Today’s announcement that Google is changing its search to integrate video, photos, text, and news with results that used to list just text on web pages is, I think, more significant than it at first seems.
This promotes other media to the exalted rank of text. And it tells publishers that they’d damned well better do the same. This is the mark of true agnosticism coming to media: You should be using whatever media best communicates information in the form the user wants.
Oh, publishers are trying. That was one of the rationales behind the Guardian’s home-page redesign last week: They want to serve video. And those publishers are scrambling to make it. But I think we’re still putting too high a wall around each medium. One thing I’m starting to learn doing the PrezVid blog is that one can use different media strung together to tell a story: text, then an embedded video, then an original video, with links all about. It’s not having text here and video over there and audio up there. It’s about using all the tools appropriately at all times.
So once again, even as we make our own articles, we should be following Google’s example and asking WWGD.
Next, this announcement throws a heavy monkey wrench into many a publisher’s SEO strategy. Until now, you structured your pages and metadata in certain magical ways and — if you were hip — got yourself linked a lot by linking out a lot and — voila — you rose into Google heaven. Now you have to figure out how to put some Google helium into your videos and photos and news headlines — all of which can now appear on the blessed search-result page.
And you also have to figure out what people get when they click on those things: where are your brand, your ads, your links? If you distribute your stuff onto more sites out there — if your video becomes a hit on YouTube and on bloggers’ embeds — does that get it higher on Google? What does this do to destination and portal strategies?
Big media people should be reaching for the gin tonight.
Make that a double:
For Google’s pages also include maps. They’re local. Very local. Like the ads. Search on Mexican restaurants in Hoboken and you get web pages and the map with listings and much more: details the business can update, reviews, links. As of now, you won’t find an ad for Baja Mexican — but that won’t be long in coming. Look at Google’s FAQ for its local business ads. Here’s how to target to regions and cities.
So if you’re a local newspaper, you ask WWGD and what’s the answer? I’m not sure. But I think you need to have better distributed as widely as possible — across a large network of very local trusted brands (read: neighbors’ blogs) with better advertising performance and service. The more local you are, the better. The better known and trusted you are, the better. The more complete you are, the better. The more searchable you make your world, the better. The more addictive you are, the better. And then you’d better do everything you can to have your ads be found via Google whether they are on your site or others’ because not everybody’s going to come to you just because they used to. (See the smartest media quote of the year.)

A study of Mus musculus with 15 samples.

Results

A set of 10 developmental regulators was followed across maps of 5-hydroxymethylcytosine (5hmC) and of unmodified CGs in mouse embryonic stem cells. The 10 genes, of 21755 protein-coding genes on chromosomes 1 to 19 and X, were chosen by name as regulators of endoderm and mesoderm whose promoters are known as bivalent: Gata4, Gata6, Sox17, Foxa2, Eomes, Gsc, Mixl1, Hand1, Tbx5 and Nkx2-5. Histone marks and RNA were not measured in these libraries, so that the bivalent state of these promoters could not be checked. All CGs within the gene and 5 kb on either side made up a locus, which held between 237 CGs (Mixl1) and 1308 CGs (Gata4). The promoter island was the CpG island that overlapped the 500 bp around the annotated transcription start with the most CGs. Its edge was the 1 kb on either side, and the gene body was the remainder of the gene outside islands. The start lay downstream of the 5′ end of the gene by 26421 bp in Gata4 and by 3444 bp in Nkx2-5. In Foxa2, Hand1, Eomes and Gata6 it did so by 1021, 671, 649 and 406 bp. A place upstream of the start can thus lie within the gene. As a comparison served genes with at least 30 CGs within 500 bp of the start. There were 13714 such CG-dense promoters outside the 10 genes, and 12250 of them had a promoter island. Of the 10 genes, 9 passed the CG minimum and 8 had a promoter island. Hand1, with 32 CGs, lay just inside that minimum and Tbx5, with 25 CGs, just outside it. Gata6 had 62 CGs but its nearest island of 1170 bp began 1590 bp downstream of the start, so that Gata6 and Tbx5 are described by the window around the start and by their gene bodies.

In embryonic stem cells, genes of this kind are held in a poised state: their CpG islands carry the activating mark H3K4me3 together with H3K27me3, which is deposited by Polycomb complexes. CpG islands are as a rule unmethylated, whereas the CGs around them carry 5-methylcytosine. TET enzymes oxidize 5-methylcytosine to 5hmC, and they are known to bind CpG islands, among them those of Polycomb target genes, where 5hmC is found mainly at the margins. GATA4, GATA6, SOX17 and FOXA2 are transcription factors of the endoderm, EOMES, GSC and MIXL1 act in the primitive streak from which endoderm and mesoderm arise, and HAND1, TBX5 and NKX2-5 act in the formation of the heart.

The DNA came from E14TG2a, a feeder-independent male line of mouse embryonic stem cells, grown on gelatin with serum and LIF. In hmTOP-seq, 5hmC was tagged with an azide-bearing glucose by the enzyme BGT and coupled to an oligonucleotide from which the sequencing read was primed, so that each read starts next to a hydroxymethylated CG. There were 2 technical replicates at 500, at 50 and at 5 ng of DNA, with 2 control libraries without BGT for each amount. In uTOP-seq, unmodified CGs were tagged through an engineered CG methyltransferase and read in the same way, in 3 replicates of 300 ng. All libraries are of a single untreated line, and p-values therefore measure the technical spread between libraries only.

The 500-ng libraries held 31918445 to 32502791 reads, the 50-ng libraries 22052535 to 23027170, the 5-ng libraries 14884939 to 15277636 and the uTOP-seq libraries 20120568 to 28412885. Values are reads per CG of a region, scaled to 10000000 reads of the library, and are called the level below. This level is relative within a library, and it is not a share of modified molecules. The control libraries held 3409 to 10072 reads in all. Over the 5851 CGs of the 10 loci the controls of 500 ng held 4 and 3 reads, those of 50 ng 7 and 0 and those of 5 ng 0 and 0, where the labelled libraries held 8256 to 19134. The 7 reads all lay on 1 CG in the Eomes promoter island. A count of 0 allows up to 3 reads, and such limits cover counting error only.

Bartender, another please.
But, of course, this isn’t just about traffic and retail and directory ads. It’s about classifieds. Remember them? See today’s announcement that Boston.com and its former mortal enemy and now partner, Monster.com, are coming out with their joint job channel in June. Says PaidContent: “The move also reflects the increased competition for revenue from online classifieds, as typified by the dozen entities involved in the Yahoo Newspaper Consortium, which began as co-branding with Yahoo’s HotJobs, and rival CareerBuilder, owned by Gannett, the Tribune Company, McClatchy and Microsoft, which purchased a minority stake in it earlier this month.”
What it really represents, I say, is not just the further collapse of newspapers’ hold on classifieds but the crumbling of classifieds as a form of advertising itself. The monsters are huddling together for warmth. With better search, we’ll be able to find each other, buyer and seller, without having to go to a centralized marketplace.
It won’t be long before we see classifieds coming up in Google searches. In some ways, we do now. Search for new homes in Tampa and you’ll see ads next to that map.
So WWGD? Well, I think the best opportunity is to target not words but people. If you know that lawyers in New Jersey read this New Jersey law blog, then you have a better chance of reaching people who work in the field. You have a relationship — or rather, that blogger does and you want a relationship with him. If you know that neighbors in Montclair read this blog — and they do — then you have a place to put house and restaurant ads you sell, if you’re in a network with that blogger (who can also sell ads on your pages, by the way). But can you afford to start blogs for every town and job description in your state? Of course, not — especially not now. But it’s in your interest for them to exist. So you need to support them. How? Well, for starters, sell ads for them and promote them and figure out what else you can do for them. That’s what Google would do. Hell, that’s what Google is doing.
: LATER: Matt Law, a veteran of About.com who knows whereof he SEOs, adds in the comments that I rushed past one important impact of this:
It’s not just an issue of getting more of their “multi”media stuff to show up in the listings. They now have to worry about how all this new stuff pushes their regular web page rankings further down the page.